Researchers from across the country, including at Yale, are currently working with NASA to send a spacecraft to an entirely metal asteroid.

The launch of the spacecraft Psyche should take place around 2023 and will reach the asteroid around 2030. The asteroid, named 16 Psyche, is believed to be made almost entirely of nickel and iron alloy that scientists predict could be the frozen core of an early planet. The researchers hope to learn through investigating Psyche about the core of other planets, including Earth’s, and about planet formation and collisions.

“Humankind has never seen a metal world before,” said Linda Elkins-Tanton, a professor at the School of Earth and Space Exploration at Arizona State University and the mission’s principal investigator. “We’ve been to places made of rock and ice and gas but never metal. And it turns out there is just this one fairly large, fairly spherical metal body in our whole solar system.”

Elkins-Tanton hypothesized that this asteroid could actually be the remnants of an early dwarf planet whose rocky exterior was knocked off during a collision with another planet, leaving behind a metal core. If this hypothesis turns out to be true, Psyche could be a great opportunity to learn about the core of other space bodies, such as Earth or the moon, she said.

The researchers plan to look at what the core is really made of, whether or not it has a magnetic field and if there are patches of rock left over on the surface from the original mantle — the layer of the planet surrounding the core. They hope to use this information to learn more about the formation of planets in general.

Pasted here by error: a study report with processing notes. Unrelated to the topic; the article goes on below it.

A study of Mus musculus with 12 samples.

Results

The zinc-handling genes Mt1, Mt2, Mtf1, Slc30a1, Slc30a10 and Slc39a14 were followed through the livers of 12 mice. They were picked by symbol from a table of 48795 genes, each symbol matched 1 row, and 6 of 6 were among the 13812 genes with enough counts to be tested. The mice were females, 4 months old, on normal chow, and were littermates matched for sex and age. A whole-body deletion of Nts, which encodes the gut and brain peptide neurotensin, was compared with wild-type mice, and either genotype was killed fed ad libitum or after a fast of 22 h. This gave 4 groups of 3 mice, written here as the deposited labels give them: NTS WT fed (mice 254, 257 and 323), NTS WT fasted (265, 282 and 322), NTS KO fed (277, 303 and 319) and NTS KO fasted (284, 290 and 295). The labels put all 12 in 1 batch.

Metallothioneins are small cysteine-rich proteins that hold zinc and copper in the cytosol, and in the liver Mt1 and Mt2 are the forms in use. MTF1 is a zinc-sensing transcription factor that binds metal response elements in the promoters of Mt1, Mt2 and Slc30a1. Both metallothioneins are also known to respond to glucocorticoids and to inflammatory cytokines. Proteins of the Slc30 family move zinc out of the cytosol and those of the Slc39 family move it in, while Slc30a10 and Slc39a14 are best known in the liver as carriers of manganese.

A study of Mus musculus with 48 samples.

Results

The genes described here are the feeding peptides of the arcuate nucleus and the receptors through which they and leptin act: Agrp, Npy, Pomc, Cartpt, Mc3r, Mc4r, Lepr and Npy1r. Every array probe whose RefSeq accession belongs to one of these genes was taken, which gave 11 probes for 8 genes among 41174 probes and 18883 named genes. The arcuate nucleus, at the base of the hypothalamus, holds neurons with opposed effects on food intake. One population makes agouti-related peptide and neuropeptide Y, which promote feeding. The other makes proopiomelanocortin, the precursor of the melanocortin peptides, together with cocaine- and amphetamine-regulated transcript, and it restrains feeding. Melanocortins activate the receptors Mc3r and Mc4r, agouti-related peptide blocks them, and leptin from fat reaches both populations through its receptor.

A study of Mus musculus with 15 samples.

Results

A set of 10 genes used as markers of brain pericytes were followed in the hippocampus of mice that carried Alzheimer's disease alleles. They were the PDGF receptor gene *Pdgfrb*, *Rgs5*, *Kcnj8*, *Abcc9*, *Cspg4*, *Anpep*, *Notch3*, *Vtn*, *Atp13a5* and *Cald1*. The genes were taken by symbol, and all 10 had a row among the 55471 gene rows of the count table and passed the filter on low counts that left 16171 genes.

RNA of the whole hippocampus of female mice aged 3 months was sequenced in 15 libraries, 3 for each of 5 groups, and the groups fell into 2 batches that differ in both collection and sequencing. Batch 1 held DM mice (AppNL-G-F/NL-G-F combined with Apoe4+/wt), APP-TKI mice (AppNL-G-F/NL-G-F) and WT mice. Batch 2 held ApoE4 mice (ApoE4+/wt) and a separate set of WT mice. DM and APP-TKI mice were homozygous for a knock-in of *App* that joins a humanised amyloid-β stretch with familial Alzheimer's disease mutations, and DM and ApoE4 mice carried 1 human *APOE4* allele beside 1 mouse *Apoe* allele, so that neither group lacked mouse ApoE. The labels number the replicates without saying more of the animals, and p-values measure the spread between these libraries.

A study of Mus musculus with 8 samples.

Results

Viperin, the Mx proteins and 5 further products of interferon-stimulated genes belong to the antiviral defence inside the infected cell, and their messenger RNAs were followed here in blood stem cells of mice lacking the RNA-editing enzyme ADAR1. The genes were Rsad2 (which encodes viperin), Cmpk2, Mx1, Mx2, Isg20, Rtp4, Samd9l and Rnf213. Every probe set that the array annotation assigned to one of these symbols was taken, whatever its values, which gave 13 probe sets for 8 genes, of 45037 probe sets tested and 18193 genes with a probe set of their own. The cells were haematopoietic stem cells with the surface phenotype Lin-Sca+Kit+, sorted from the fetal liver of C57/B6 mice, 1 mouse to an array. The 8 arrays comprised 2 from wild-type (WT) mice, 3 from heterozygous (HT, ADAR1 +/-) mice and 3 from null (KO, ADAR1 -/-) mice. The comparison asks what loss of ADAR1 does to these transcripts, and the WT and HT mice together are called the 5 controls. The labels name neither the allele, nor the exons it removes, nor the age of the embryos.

“We’ll learn about what’s inside planets today and we’ll learn about how they were formed back in the early solar system,” Elkins-Tanton said. “Or maybe we’ll discover that it’s not a planetary core, that it’s maybe something even more exciting.”

David Bercovici, a Geology and Geophysics professor at Yale and a co-investigator for the project, said he is excited to look at Psyche’s shape and magnetic field in order to learn more about how cores will evolve after losing their mantles.

The shape and makeup of the asteroid will give researchers information about what happens when a core freezes. Bercovici hopes to figure out whether the core “flash froze” and how much of the magnetic field was locked into the metal alloy.

“While it was freezing and cooling, [Psyche] might have generated its own magnetic field, and that’s something we’d like to see,” Bercovici said.

Bercovici added he hopes to look at the impact of collisions on planets. He is among the researchers who predict that the mantle was blown off during a collision with another planet. The gravity of the core was then probably unable to attract the mantle back to the original planet, and once exposed, the core froze, Bercovici said.

While the researchers are currently just making predictions, the next 13 years leading up to the arrival at Psyche will be filled with preparations for analyzing the data to be sent back by the spacecraft.

“I think that space exploration actually has a much bigger purpose than just understanding the science,” said Elkins-Tanton. “Really, it’s for inspiration. It’s to make people think that they could do something bigger; they could do something bolder. They don’t have to be tied up with the frustrations and the frictions of the everyday because they could be looking outward toward bigger goals.”

Psyche is part of NASA’s Discovery Program, a national competition in which scientists propose missions to NASA in order to test a scientific hypothesis.